The worst time to find out that your auto insurance is not enough is when you have to make a claim. Here's how to review your auto coverage and determine if the protection you have is adequate.
Nearly every state has a law that requires drivers to carry car insurance. Most states call these financial responsibility laws. These requirements establish the minimum amount of coverage that drivers licensed in the state must carry.
Bodily Injury and Property Damage Liability
Most states require Bodily injury (BI) and property damage (PD) liability coverage. These are sometimes called at-fault insurance coverage. They help you pay the amount you are liable to pay for injury or damage caused to another. This is not related to your own damage or loss because of the accident.
The amount established by a state is typically expressed in a policy as such: 10/20/10. The first two numbers, in this case, are $10,000 and $20,000. They represent the limits for bodily injury (BI) liability coverage. The third number is $10,000 and is the limit for property damage (PD) liability coverage. 10/20/10, means a BI limit of up to $20,000 for two or more individuals involved in an accident. There is a $10,000 limit for one person in the accident. The $10,000 PD limit is a single limit.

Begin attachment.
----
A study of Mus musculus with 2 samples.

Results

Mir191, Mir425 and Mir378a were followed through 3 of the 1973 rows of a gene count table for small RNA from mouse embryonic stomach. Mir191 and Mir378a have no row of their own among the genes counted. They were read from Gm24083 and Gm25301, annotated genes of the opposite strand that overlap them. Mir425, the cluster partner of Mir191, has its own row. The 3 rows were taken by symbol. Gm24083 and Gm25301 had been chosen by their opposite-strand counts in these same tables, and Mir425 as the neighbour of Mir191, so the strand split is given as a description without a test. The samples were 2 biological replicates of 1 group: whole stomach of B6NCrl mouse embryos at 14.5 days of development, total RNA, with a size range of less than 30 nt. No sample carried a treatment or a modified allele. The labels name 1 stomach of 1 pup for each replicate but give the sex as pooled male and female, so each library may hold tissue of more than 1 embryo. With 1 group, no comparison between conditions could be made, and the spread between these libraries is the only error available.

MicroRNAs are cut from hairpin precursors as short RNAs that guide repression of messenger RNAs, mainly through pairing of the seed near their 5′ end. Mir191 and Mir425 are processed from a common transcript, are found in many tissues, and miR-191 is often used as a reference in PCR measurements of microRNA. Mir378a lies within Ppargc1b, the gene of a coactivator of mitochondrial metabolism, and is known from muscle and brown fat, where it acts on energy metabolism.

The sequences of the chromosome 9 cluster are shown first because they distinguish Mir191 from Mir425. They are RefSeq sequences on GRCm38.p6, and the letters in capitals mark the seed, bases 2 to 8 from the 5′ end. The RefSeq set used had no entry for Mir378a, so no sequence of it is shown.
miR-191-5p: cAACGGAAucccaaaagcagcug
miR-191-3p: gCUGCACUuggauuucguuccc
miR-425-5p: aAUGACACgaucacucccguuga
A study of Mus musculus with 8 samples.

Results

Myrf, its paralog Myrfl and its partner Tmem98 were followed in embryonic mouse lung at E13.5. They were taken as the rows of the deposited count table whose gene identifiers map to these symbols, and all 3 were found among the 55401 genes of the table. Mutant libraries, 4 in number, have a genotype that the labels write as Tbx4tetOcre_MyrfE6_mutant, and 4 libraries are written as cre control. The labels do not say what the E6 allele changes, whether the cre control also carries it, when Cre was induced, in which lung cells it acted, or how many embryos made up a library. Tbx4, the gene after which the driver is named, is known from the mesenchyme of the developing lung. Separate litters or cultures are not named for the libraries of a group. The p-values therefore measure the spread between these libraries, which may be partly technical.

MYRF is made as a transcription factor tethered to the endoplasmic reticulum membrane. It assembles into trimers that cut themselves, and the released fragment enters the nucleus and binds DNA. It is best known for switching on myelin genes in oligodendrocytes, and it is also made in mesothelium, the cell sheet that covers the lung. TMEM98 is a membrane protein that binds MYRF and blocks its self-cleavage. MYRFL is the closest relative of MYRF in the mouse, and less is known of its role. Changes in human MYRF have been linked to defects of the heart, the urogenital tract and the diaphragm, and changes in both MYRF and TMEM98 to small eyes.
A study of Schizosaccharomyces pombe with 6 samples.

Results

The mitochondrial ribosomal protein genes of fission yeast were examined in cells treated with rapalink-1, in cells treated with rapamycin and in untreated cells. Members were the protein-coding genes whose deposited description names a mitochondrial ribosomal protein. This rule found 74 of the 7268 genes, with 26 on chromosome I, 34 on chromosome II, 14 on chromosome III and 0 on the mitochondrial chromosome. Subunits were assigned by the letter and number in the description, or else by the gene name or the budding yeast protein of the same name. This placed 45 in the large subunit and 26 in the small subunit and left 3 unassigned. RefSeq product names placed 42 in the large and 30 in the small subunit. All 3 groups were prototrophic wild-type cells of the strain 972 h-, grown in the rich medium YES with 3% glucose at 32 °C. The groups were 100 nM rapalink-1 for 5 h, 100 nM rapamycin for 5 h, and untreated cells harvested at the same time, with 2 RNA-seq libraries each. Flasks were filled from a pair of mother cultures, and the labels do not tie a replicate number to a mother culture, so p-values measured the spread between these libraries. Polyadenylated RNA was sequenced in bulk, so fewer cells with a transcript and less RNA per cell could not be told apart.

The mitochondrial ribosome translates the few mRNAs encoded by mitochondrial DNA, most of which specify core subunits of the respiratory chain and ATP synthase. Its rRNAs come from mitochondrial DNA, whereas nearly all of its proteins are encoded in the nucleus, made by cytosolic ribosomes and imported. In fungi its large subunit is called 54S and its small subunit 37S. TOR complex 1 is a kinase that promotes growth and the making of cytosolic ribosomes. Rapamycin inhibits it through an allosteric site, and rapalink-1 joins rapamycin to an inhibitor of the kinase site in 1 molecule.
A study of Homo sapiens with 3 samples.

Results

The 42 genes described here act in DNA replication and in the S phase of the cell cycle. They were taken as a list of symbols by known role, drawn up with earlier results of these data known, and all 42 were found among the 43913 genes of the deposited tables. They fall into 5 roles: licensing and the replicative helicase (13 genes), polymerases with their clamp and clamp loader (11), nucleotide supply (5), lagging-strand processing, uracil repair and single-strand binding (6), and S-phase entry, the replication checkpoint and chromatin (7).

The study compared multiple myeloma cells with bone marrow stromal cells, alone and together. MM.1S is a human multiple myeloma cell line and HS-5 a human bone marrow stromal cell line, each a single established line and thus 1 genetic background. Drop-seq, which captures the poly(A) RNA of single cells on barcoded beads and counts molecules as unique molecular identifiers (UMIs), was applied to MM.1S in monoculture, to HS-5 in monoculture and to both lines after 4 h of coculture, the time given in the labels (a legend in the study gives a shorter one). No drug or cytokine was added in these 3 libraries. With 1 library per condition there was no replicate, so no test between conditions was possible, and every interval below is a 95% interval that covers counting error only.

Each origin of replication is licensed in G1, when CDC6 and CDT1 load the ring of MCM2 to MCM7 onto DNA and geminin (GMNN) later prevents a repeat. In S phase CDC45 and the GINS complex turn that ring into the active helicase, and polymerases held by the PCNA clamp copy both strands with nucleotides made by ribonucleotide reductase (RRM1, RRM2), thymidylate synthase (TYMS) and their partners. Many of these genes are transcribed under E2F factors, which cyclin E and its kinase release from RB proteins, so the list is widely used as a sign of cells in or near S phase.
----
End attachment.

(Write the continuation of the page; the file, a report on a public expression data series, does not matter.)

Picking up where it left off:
Are the Minimum BI and PD Limits Enough?
Carrying the minimum liability coverage may not be adequate for your needs. This is especially true if you consider that these limits only protect the interests of others involved in an accident. They do not apply to your financial loss. This reason alone would require you to add protection that covers you in the event of an accident. You might determine how much coverage you need based on where you live, how much you drive, and the value of your vehicle. Your ability to pay for accident damage (either to yourself or others) is also a big factor.
Using these factors as a baseline will help you determine what amount of auto insurance is appropriate. You should first increase your required liability coverage to your greatest benefit. You might consider additional protection also. For example, personal injury protection (PIP) covers your medical costs associated with an accident as well as lost wages. You can also buy a simpler amount of coverage called medical payments coverage. You may also include protection from uninsured or underinsured motorists (UM/UIM). Additionally, coverage for your own vehicle damage, in the form of collision and comprehensive coverage might help you complete your policy.